As the pandemic shifts again with new threats to business and consumer industries, customer and employee experience firm Medallia has released The Future of Retail Consumer Behavior, a new report examining the changes in retail consumer behavior over the last year, including close analysis of specific industry sectors like grocery, beauty and sporting goods.
“Retail consumer behavior changed drastically over the course of the past year, but as consumers and businesses begin to define a new normal, we wanted to understand what behavior changes will be permanent and what trends may already be fading,” said Andrew Custage, head of analytics for Sense360 By Medallia, in a news release.
To track and understand consumer behavior, Sense360 By Medallia combined data from three sources: foot traffic data from smartphone geolocation of more than 2 million opted-in consumers, spend data from more than 6 million consumers, and psychographic survey data. Combining multiple datasets yields a more holistic view of the customer journey, and a more accurate way to answer strategic insights questions for retailers.
Drawing on this industry leading pool of data, the report examines:
- Consumer spending trends and surveys from 15 months of daily research
- How consumer behavior has changed—and which habits are here to stay
- How different retail sectors have been affected, and specific strategies for retaining customer loyalty in the grocery, sporting goods, and beauty sectors.
Despite recent concerns over the Delta variant, overall fear levels toward COVID-19 have subsided compared to a year ago. However, surveys show that there will likely always be a group of people whose fears are here to stay. Consequently, their behaviors and shopper journey have shifted—in some cases, likely permanently. The shift to online shopping continues, despite the pandemic having slowed down.
One of the biggest pandemic-induced habits is the channel shift to grocery delivery and curbside pickup. Although it’s now safe to shop in-store, consumers have embraced off-premise behavior—and many of them won’t go back.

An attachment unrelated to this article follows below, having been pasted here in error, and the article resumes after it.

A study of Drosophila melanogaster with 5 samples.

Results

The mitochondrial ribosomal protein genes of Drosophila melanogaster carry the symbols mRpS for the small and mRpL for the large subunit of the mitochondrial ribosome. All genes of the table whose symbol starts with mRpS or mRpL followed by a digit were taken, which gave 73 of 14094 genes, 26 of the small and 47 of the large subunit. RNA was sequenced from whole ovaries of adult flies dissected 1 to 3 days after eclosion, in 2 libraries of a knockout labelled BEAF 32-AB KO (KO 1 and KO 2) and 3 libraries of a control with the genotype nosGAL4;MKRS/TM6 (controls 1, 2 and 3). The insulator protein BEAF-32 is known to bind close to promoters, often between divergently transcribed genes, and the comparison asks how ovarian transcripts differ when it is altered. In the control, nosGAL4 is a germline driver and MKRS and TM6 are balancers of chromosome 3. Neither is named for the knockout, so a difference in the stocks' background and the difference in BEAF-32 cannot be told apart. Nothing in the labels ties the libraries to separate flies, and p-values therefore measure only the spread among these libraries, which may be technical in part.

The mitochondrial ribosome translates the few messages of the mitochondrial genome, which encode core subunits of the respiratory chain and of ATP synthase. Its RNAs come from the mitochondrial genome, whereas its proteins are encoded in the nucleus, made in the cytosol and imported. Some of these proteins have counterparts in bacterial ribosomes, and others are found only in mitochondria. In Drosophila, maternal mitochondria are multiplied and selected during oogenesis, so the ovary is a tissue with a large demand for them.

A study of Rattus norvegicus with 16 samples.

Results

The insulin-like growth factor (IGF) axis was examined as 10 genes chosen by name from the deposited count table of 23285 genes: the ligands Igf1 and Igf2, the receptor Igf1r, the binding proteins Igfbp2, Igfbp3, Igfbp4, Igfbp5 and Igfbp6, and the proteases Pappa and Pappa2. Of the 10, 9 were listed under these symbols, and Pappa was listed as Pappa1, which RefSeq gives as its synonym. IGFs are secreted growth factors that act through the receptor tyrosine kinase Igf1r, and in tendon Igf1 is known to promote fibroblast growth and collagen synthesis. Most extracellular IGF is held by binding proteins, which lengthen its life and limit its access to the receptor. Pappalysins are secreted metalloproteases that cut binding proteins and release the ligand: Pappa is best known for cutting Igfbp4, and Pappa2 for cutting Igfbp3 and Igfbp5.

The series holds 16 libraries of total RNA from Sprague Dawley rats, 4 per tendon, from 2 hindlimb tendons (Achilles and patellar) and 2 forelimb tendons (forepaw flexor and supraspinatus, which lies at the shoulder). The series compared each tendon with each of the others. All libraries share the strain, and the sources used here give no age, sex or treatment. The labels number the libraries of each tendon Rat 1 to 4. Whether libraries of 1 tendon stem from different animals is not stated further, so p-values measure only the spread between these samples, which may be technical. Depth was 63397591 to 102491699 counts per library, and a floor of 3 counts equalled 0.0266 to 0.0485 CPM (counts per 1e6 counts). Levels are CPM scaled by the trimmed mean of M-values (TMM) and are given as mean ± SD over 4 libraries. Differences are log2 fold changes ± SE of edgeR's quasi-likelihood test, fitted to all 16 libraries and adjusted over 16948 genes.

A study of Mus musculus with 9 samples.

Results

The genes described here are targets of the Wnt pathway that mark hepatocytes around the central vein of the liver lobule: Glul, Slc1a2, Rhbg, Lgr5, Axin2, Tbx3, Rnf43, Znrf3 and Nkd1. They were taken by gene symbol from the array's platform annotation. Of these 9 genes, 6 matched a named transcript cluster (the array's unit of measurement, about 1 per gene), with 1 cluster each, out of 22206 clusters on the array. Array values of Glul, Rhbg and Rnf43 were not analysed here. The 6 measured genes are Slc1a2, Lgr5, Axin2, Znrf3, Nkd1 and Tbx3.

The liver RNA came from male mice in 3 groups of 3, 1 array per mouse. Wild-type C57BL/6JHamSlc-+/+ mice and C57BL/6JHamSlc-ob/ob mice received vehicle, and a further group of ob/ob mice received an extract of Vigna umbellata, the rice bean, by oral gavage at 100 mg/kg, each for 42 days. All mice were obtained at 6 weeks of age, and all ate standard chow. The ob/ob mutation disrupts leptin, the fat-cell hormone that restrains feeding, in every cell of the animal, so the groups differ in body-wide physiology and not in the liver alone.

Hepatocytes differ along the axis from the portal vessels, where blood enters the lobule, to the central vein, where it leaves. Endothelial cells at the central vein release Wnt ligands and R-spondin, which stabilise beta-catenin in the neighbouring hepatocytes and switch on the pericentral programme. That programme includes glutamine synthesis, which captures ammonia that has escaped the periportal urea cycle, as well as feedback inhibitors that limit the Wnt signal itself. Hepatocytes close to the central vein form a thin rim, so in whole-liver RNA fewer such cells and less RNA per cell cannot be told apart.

This retail category shows not all pandemic habits are here to stay. An uptick in demand for sporting goods during early lockdown periods is tapering off as consumers look to move beyond at-home exercise. The current market is seeing a split with mass retailers plus Amazon competing on price, and specialty retailers competing on product selection and quality. Specialty retailers will need to find more ways to reach and retain the customer to compete with Amazon’s growth.
The beauty retail space has become an even more competitive, zero-sum game. The pandemic tightened the purse strings of consumers, and although their spending on beauty is recovering compared to last year, they aren’t planning to increase purchases much more. They also plan to try different products and different brands while simultaneously shifting their spend to mass and department stores. Beauty specialty retailers and DTC brands are in an increasingly difficult battle for consumer loyalty.
“Perhaps the clearest insight from the report is that while consumer behavior was initially forced to change by the pandemic, certain habits continue to stick even as restrictions loosen—creating a sustained adoption of digital platforms,” continued Custage. “In order to understand the volatile world we now live in, it’s critical for retailers to use holistic research to understand their customers and the competitive landscape.”